View profile for Sally Morris

It added that “corrosive working cultures have silenced the voices of victims” and “normalised sexual harassment”.

Non-disclosure agreements, sometimes known as confidentiality agreements, are commonly used by employers in workplace disputes to protect the reputation of their company.

It is a legal contract between two parties that each must sign and agree to and is commonly included in the terms of a settlement.

The EHRC said banning employers offering the agreement would strengthen the legal protection of employees. Instead, employees should only be allowed to request one.

The call forms part of the commission’s set of recommendations published today.

Among them, the commission also calls for the time limit to bring a claim of sexual harassment to tribunal to be extended to six months, which it says reflects the time taken by many individuals to raise complaints.

Rebecca Hilsenrath, Chief Executive of the Equality and Human Rights Commission, said: “We set out to discover how sexual harassment at work is dealt with by employers and how it is experienced by individuals. What we found was truly shocking. There is a lack of consistent, effective action being taken by employers, and people’s careers and mental and physical health have been damaged as a result.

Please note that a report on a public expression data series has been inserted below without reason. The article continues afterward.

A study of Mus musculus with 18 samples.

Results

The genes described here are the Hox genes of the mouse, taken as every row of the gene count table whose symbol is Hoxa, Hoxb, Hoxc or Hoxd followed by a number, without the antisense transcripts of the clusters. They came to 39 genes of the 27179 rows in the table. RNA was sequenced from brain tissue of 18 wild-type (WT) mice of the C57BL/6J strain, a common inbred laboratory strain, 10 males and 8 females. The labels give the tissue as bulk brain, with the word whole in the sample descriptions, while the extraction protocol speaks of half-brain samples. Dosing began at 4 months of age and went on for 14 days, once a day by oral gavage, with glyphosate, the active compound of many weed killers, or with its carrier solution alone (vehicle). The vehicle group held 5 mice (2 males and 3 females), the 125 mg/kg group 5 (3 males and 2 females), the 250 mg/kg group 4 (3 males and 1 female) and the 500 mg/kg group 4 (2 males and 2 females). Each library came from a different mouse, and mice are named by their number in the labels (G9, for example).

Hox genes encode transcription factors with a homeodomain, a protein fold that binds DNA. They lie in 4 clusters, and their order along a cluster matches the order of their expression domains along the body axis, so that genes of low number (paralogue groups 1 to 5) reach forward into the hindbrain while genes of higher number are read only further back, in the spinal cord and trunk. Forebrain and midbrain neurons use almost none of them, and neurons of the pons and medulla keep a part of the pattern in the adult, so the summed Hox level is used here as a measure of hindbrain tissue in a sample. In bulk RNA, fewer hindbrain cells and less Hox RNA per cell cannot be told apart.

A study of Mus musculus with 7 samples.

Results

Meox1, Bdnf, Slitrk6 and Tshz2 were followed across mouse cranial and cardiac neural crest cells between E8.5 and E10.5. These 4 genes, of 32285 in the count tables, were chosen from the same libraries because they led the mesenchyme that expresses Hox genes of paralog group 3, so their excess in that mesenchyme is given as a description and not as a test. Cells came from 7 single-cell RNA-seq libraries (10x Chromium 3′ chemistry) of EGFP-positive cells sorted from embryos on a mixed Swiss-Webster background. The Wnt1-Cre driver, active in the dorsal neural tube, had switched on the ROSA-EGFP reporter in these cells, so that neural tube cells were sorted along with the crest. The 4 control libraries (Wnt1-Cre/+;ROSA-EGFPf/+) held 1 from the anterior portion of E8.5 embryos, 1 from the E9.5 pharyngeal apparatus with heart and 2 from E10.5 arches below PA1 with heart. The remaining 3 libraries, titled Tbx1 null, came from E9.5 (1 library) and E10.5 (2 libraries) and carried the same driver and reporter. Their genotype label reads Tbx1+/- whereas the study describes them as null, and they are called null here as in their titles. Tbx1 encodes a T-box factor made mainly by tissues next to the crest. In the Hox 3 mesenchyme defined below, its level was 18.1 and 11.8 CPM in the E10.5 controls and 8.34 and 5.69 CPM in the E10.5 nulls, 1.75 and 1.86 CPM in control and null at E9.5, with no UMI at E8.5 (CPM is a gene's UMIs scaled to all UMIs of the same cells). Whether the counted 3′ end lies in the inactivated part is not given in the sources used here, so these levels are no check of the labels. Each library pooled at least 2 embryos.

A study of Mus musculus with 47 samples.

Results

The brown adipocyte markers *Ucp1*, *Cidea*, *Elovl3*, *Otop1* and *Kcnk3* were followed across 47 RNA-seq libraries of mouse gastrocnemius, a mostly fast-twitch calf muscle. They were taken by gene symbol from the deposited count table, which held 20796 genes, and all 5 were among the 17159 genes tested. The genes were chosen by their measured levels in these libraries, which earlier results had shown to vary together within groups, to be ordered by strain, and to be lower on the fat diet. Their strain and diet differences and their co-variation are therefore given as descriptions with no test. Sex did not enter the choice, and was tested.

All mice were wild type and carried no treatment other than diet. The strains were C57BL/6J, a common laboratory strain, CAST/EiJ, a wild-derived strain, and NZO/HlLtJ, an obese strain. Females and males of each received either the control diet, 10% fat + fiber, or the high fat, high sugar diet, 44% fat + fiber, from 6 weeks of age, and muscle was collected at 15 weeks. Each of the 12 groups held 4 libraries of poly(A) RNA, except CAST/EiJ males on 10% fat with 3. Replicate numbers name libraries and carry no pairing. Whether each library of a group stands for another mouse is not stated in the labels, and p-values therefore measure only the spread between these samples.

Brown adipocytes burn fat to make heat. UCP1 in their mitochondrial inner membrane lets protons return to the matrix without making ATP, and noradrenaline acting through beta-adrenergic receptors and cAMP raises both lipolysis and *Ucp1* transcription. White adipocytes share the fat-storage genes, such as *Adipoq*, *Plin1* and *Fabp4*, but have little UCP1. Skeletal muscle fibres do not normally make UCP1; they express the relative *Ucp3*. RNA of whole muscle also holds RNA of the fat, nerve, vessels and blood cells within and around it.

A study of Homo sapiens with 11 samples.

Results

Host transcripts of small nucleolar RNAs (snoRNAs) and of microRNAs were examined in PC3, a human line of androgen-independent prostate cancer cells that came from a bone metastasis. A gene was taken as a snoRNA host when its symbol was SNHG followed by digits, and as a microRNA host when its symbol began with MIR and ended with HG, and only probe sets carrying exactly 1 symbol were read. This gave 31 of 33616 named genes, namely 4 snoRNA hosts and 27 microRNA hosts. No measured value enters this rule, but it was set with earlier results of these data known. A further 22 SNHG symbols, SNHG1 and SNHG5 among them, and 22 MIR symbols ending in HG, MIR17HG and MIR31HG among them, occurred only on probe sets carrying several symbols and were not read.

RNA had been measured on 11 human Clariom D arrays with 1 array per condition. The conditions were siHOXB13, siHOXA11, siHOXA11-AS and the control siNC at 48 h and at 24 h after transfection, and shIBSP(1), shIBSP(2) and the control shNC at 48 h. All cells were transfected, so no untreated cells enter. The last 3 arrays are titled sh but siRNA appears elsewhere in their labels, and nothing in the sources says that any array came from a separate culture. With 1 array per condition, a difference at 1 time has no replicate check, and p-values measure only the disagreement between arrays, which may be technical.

“Corrosive cultures have silenced individuals and sexual harassment has been normalised. We underestimate extent and we are complacent as to impact. We need urgent action to turn the tables in British workplaces; shifting from the current culture of people risking their jobs and health in order to report harassment, to placing the onus on employers to prevent and resolve it. That’s what our recommendations set out to do.

“It cannot be right that millions of people go to work fearing what might have happened by the time they come home. Employers need to stand up and take responsibility for eliminating sexual harassment from every British workplace.”

The specialist employment team at mfg solicitors regularly helps employers defend claims of sexual harassment and advises them on how to avoid future workplace disputes. For more information about how we could help you, please contact us.